To which 89% of the French people surveyed responded "non merci."
Somewhat encouragingly, however, only 65% of Franciliens (residents of the province of Île de France, in which we find Paris) said no.
I can think of a lot of Americans who'd answer that question with a resounding "oui s'il vous plaît." Because to us, Paris is a dream. Unlike New York, however, which for many Americans is a nightmare. The Brits and Japanese would probably say the same, respectively, of London and Tokyo as well. It makes sense. Life in the big cities has always been synonymous with expense, overcrowding, stress, pollution, grime, crime, and -- in the case of the really fun places -- decadence, low morals, synthetic underwear, vice, candy before breakfast, etc.
Truthfully, I also would say "non merci" to New York, even though I miss it almost every day. I managed six good years there, and I am satisfied with that. Nowadays, it's "too-ness" wears hard on me: too cold; too hot; too dirty; too expensive. And too much upping-of-the-ante in the new go-go climate that seems to prevail: too many super-luxury apartments being built; too many Whole Foods stores; too many old, faded things that seem doomed to be razed and replaced by luxury apartments and Whole Foods stores. But I certainly love to visit, and am always sorry to leave. (Unlike those who are thrilled to visit, and grateful to leave.**)
Paris can be "too-" too. Too many people, always. And as summer approaches, it gets worserer. The solution is to alter -- when you can, anyway -- your routes across town, and sometimes even change your destinations, in order to keep your head and preserve a little space for yourself.
Paris, too, is too expensive, and getting worse for me courtesy of the ever-sliding dollar. They describe the Paris real estate market -- buying or renting -- as a "flambée." No need to translate, I am sure. (Which reminds me: in many ways I will always be grateful to Los Angeles for the favor it granted me: my home. I could not afford a one-bedroom/775 sq ft apartment here (nor in New York, nor in San Francisco) comparable to the one I purchased there three years ago. Not only that, but here, they don't even have one-bedroom apartments that big. Not for working stiffs like us. The average Parisian "deux pièce" is half that size.)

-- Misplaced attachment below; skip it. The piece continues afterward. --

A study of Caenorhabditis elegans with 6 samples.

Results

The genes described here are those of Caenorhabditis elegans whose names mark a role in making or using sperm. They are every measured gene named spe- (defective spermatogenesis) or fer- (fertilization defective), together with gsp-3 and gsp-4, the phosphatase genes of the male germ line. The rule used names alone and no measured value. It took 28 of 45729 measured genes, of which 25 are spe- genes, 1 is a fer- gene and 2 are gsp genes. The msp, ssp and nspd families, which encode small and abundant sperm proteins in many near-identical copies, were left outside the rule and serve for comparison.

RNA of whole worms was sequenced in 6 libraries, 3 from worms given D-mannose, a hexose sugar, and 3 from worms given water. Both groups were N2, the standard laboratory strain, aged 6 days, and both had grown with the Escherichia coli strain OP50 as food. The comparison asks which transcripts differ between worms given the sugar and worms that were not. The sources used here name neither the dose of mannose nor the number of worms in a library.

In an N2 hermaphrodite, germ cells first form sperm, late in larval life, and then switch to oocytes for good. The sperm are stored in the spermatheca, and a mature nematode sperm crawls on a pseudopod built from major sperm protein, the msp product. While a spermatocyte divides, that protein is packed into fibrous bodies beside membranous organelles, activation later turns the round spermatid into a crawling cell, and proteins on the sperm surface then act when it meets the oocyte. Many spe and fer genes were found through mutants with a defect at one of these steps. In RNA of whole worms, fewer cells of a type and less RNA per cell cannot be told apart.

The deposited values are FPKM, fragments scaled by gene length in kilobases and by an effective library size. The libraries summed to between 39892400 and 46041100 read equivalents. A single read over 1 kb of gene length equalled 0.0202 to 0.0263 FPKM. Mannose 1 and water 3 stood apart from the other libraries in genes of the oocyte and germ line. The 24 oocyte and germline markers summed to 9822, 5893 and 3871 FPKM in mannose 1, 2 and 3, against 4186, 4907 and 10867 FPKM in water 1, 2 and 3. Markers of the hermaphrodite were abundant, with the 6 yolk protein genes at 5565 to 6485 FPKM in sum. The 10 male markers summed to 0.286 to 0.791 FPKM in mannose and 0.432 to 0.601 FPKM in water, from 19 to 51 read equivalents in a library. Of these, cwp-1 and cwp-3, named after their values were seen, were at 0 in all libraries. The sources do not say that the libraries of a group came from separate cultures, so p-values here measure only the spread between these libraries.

Sheets and towels and electronics can be expensive here, also, but that seems to go down all the time as more and more Indian- and Chinese-made goods trickle in. Clothes can be expensive but they don't have to be. With some intelligence applied to the problem there seem to be ways around that. And I find it civilized and wonderful that children's clothing -- and cute clothing at that -- can be found at a very reasonable price and in just about every neighborhood I can think of. Funnily enough, soap is inexpensive, though shampoo tends not to be. They haven't caught onto the beauty of the 99¢ store yet. But I have high hopes for them.
In Paris' favor, however -- in terms of value-per-sinking-dollar -- it is possible to maintain a very pleasant standard of living here. For instance:
- Basket of raspberries (see above): $1.89
- Glass of Côtes du Rhone-Villages on a café terrace: $3.60
- Metro tickets: 10 for $13.75
- Three ripe avocadoes: $2.50
- Peonies: five for $7.40
- Discount Pass for national cinema chain: five admissions for $32
- Admission to the Louvre: $10.60
- Walking through the Tuileries: free.
- Baguette from my favorite baker: $1.25
- G. Lalo notecards w/lined envelopes: 10 for $6.25
- Strolling at night, unescorted and unafraid: free, and worth my weight in gold
*Telephone poll by France Europe Express/France Info in May 2006. The poll was conducted in anticipation of Mayor Bertrand Delanoë's appearance on the tv show "France Europe Express." In the end, he didn't show. I don't blame him.
bitterness from me on the subject. I spent Christmas week 2004 in New
York. The sidewalks teemed with families -- Mom, Dad, Sis, and Skip --from the
suburbs. Vacationing in the metropolis, they were enjoying treats
unavailable to them back home -- spicy food, buildings taller than
eight stories, theater, glamour, art, sex, eating in restaurants after
9:30p.m., gender ambiguity, and pulse-accelerating face-to-face
encounters with "weird" people. Now, the very existence of all these things, in fact, is very much attributeable to the urban values of equality, opportunity,
diversity, freedom, the right to privacy, and good public
And though these good people were there to enjoy such cultural richness -- so many tingly sensations! -- they were unwilling, or unable, to cast votes that November that actually supported those values that made them possible.
Ironic. Although writing it out, I realize I am less bitter about it now. They can't help it if they are afraid. (Compassion, I tell you, is a real mother.)